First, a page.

The man hidden in the ice
One day, during the Copper Age, ages before Stonehenge and the pyramids, the so-called Otzi with a valuable copper axe was traveling across Val Senales Valley in South Tyrol. Unfortunately, he was murdered, and his body remained in the Alps for the next 5300 years. In 1991, a pair of German hikers discovered a mysterious corpse. It was Otzi’s preserved body, along with clothes and other belongings. The frozen mummy quickly became a global archaeological sensation and a research subject. To this day, he’s provided us with unique knowledge about the life of our early ancestors. However, there’s still much to uncover, and the research story on the iceman is far from over.
Life in the Copper Era
Historically speaking, the Copper Age was a time of many changes. Many culture groups populated the Alpine region, first trade routes, and communication between communities emerged. Otzi himself lived probably in South Tyrol; however, researchers didn’t find a Copper Age settlement there. Based on the iceman’s stomach analysis, where researchers found both meat and grains, they deduced that his community consisted of hunters and farmers. The traveller also had a wild plum packed; therefore, his people also occupied themselves with gathering. Moreover, metal extractions and smelting technologies enabled many innovative tools and new professions.
Over almost 30 years, researchers thoroughly analyzed the mummy, using various techniques and methods. They even managed to do a digital reconstruction of Otzi. There are many secrets and surprises he revealed before us.
It was a bow arrow in the head that caused Otzi’s death. However, he had many additional health problems. Those include parasitic worms in his guts, lime disease, and high arsenic body levels (probably because of metalwork). His teeth also suffered from advanced decay and periodontitis (infection damaging soft tissues and causing the teeth to loosen up and eventually fall out). All in all, the iceman had over 40 health issues, including an abnormal growth on the toe, hardened arteries, and worn joints. For his times, he was an older man.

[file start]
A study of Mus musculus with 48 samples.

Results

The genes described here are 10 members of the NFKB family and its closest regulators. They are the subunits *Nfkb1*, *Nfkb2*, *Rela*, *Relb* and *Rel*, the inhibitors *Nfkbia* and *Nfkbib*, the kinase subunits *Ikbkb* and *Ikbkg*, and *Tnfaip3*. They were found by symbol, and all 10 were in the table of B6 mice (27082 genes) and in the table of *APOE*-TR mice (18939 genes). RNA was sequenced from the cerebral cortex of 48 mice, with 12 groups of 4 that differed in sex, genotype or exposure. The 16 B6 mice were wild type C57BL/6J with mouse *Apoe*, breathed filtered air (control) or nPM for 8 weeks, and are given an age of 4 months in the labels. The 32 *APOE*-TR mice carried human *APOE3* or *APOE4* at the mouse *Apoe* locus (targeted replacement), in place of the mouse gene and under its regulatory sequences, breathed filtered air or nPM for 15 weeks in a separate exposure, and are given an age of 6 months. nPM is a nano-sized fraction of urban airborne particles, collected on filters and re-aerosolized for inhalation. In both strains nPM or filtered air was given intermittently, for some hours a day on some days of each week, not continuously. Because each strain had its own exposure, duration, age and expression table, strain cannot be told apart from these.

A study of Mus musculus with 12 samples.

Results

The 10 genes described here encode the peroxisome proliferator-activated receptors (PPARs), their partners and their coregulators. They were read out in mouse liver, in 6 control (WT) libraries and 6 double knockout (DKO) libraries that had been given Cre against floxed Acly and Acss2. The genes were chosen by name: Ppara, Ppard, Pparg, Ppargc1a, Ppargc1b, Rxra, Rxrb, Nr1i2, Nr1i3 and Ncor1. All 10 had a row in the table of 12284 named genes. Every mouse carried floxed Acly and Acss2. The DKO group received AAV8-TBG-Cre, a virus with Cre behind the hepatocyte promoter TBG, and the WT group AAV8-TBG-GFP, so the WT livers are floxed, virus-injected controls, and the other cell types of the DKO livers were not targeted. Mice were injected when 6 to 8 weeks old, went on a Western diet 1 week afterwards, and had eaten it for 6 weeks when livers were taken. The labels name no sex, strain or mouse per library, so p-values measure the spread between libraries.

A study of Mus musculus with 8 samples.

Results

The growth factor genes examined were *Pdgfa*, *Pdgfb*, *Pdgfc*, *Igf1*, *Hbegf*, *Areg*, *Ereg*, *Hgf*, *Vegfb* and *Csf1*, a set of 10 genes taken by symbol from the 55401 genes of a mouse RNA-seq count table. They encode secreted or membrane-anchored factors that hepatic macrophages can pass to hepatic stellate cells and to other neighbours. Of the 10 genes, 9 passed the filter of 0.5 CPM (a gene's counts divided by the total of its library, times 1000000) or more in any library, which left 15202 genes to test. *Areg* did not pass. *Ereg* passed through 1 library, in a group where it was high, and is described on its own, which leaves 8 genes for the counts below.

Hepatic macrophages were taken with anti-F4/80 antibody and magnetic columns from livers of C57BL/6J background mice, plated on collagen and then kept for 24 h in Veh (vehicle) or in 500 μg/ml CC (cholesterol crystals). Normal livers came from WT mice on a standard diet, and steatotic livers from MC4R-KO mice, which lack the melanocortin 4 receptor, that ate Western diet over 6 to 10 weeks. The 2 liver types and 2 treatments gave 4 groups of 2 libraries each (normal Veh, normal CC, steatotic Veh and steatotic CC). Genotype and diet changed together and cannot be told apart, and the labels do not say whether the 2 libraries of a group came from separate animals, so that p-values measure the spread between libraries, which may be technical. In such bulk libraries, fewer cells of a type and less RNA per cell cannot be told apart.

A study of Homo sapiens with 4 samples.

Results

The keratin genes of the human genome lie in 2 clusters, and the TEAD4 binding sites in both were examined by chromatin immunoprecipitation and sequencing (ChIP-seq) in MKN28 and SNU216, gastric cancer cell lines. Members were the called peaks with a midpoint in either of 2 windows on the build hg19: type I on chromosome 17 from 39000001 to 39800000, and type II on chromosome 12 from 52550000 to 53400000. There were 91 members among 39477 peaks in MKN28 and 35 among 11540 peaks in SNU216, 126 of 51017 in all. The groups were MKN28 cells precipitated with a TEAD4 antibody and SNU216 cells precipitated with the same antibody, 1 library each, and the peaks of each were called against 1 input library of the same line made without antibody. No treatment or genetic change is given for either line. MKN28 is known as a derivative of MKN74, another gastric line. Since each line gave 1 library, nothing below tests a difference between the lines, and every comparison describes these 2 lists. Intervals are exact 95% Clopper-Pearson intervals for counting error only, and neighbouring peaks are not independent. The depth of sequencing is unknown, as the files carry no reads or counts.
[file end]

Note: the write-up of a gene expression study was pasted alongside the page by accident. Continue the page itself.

In addition to many health issues, scientists also found several abnormalities in the iceman’s anatomy. He was missing the 12th pair of ribs and wisdom teeth. He also had diastema- a gap between his two front teeth. Scientists also suspect that he was infertile.
The study led by Walther Parson at the Innsbruck Medical University found an unusual GL-19 mutation on Otzi’s Y chromosome. They collected 3700 blood samples from anonymous donors and found 19 iceman’s relatives in the South Tyrol region. According to Parson, “iceman and those 19 people have a common ancestor who lived 10 to 12 thousand years ago”. Tracing the mutation, we can conclude that Otzi’s ancestors arrived in Europe from the Middle East, where farming was also born. The team concluded that changes in the Neolithic Era caused a migration that led people to Europe.
Over the years, Otzi became a precious source of information. Scientists managed to analyze his lifestyle, culture group, health, and origin of his ancestors and even found his modern relatives. However, Otzi’s contribution to science is far from over. There are many ongoing studies regarding the iceman and probably many upcoming. For the general public, the South Tyrol Museum of Archaeology provides a unique opportunity to experience his fascinating story.